Lately, some of Vanguard’s most loyal long-term investors have been getting letters and emails that state: “If you choose to remain on the mutual fund-only platform after September 30, 2022, you’ll be charged a $20 annual account service fee for each fund account to offset the costs and complexity of maintaining this system.”
Vanguard hopes the new account fee will prompt investors to move to its brokerage platform, which it says is more modern.
After decades of supporting two investment platforms—its brokerage and its legacy one just for in-house mutual funds—Vanguard is putting pressure on retail investors to leave the legacy one and join the brokerage. Any investor with less than $1 million in the mutual-fund-only platform will pay $20 annually per fund that they own. Prior to this shift, fees were only applied to investors with less than $10,000.
Expense shift. Vanguard is known for low fees. But now, the legacy platform will become expensive—the opposite of Vanguard’s entire ethos—for the non-millionaires on it. “On the legacy platform, each mutual fund you own is an account,” says Dan Wiener, co-editor of The Independent Adviser for Vanguard Investors newsletter. So, if an investor owns five Vanguard funds each with $20,000 in it, that’s five separate accounts, each paying $20 a year extra, or $100 in total, to be on the platform.
That adds an extra 0.10% in fees for $100,000. If one considers that the
Vanguard S&P 500 ETF
(VOO) has a 0.03% expense ratio and the Fidelity ZERO Large Cap Index Fund (FNILX) charges nothing for buying directly from Fidelity, an extra 0.10% is noteworthy.
Vanguard “has been trying to get people off of [its legacy system] voluntarily for years,” Wiener says. “If it was still just a small number of people and accounts, I would think they would just say to people, ‘We’re shutting it down.’ But clearly, the carrot didn’t work, so now [Vanguard’s] hitting them with the stick.”
To make matters worse, even after clients switch to the brokerage, they will be charged $20 annually if they have less than $1 million and refuse to go completely digital with their account statements.
In an email to Barron’s, Vanguard spokesperson Karyn Baldwin stated: “As Vanguard continues to modernize our clients’ digital experience, we are redesigning an already-existing account service fee. Our goal is to encourage a segment of clients to take advantage of a more modern investment platform and spur greater digital engagement.”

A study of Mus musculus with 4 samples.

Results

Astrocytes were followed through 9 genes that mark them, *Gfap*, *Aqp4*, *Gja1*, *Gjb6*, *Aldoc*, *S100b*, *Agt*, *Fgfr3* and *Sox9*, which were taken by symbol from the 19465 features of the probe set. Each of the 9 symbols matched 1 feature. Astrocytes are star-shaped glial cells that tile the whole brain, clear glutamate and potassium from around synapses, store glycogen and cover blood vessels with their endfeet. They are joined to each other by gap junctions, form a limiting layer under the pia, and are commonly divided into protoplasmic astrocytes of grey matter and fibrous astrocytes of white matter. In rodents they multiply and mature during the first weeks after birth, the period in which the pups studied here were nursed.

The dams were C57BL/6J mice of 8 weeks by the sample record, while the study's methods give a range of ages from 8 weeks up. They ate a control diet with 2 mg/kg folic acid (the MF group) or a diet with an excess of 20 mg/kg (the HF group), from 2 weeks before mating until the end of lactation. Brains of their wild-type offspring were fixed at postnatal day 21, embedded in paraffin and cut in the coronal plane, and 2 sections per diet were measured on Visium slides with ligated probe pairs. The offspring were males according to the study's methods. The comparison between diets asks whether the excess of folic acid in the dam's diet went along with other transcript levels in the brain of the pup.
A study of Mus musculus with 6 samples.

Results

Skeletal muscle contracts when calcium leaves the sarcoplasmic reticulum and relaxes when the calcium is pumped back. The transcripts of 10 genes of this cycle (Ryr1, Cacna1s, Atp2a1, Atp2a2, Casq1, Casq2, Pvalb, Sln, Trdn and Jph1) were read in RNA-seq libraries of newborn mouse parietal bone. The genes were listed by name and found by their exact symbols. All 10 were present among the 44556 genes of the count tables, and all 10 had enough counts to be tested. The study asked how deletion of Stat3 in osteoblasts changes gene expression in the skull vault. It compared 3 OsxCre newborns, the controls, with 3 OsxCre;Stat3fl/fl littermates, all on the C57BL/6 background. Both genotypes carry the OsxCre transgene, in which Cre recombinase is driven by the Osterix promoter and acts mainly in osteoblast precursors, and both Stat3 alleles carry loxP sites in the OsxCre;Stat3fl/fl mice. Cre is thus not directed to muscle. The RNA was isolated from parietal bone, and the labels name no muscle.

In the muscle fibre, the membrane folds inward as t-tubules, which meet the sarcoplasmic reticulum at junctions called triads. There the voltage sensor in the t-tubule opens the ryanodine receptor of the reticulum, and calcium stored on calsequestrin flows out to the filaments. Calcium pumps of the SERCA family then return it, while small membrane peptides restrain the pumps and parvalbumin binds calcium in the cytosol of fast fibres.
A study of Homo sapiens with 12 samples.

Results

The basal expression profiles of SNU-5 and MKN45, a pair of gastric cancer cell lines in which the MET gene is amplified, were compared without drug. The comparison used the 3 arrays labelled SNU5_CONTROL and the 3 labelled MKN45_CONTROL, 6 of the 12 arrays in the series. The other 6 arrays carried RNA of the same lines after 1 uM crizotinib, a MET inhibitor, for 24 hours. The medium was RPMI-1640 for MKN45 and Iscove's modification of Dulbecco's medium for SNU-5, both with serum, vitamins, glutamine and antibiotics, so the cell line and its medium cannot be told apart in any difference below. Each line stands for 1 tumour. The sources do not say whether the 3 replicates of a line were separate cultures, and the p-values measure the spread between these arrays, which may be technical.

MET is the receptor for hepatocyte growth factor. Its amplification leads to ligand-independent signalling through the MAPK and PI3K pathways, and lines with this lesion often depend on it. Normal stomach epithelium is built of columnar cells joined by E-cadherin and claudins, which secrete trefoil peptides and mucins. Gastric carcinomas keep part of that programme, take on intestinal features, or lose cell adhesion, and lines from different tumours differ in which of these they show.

Technologically, it’s expensive for Vanguard to maintain two separate platforms, and it’s still in the midst of a fee war with competitors like BlackRock, Schwab, State Street and Fidelity. Moreover, those investors who stay with the legacy system and continue to pay for it could prove lucrative, or, at least, cover the costs of maintaining the platform with their extra fees. “If people are willing to pay the fee, [Vanguard] will take every dollar they can get because they need to find ways to bring in more money,” Wiener says. “They’ve been cutting and cutting and cutting expenses. I don’t think they really can afford to cut anymore.”
The fee-war problem reveals the fundamental strengths in Vanguard’s unique structure for investors and weaknesses for it as a business. Competitors treat their lowest cost index funds as “loss leaders,” the cheap products that lure customers in the store where they can also buy more expensive products, which are more profitable for the store to sell.
But Vanguard aims to run its entire business at cost, making it difficult to subsidize the cost of running the lowest fee funds with higher fee ones. Once fees have been cut to the bone as they already have, every additional cut hurts its business, so it makes sense to look for ways to recoup the revenue in other places.
Yet tacking on such fees is hurting Vanguard’s image as a retail-investor friendly shop and may hit hardest among its most loyal clients. The legacy mutual fund platform was created by founder John or “Jack” Bogle, so it’s full of older investors who stuck by the fund company through thick and thin. Older investors also tend to prefer paper statements over digital ones.
Investor impact. For the oldest investors who are in the withdrawal phase of their retirements, the fees could prove problematic as the smaller their accounts become, the larger a percentage the $20-per-fund fee consumes. The small-account issue has led to a slew of questions, complaints and squabbling among Vanguard’s most loyal fans at sites like Bogleheads.org.
Given the fact that Bogle was never fond of the rapid trading that occurs at brokers, especially of exchange-traded funds as he believed in buy and hold investing, the shift is symbolic of how different Vanguard is today than it was even in 2019 when Bogle passed away.
Wiener points out that in addition to this shift, Vanguard is now moving into other more obscure investment areas like private equity that would’ve given its founder pause: “This is not Jack Bogle’s Vanguard anymore.”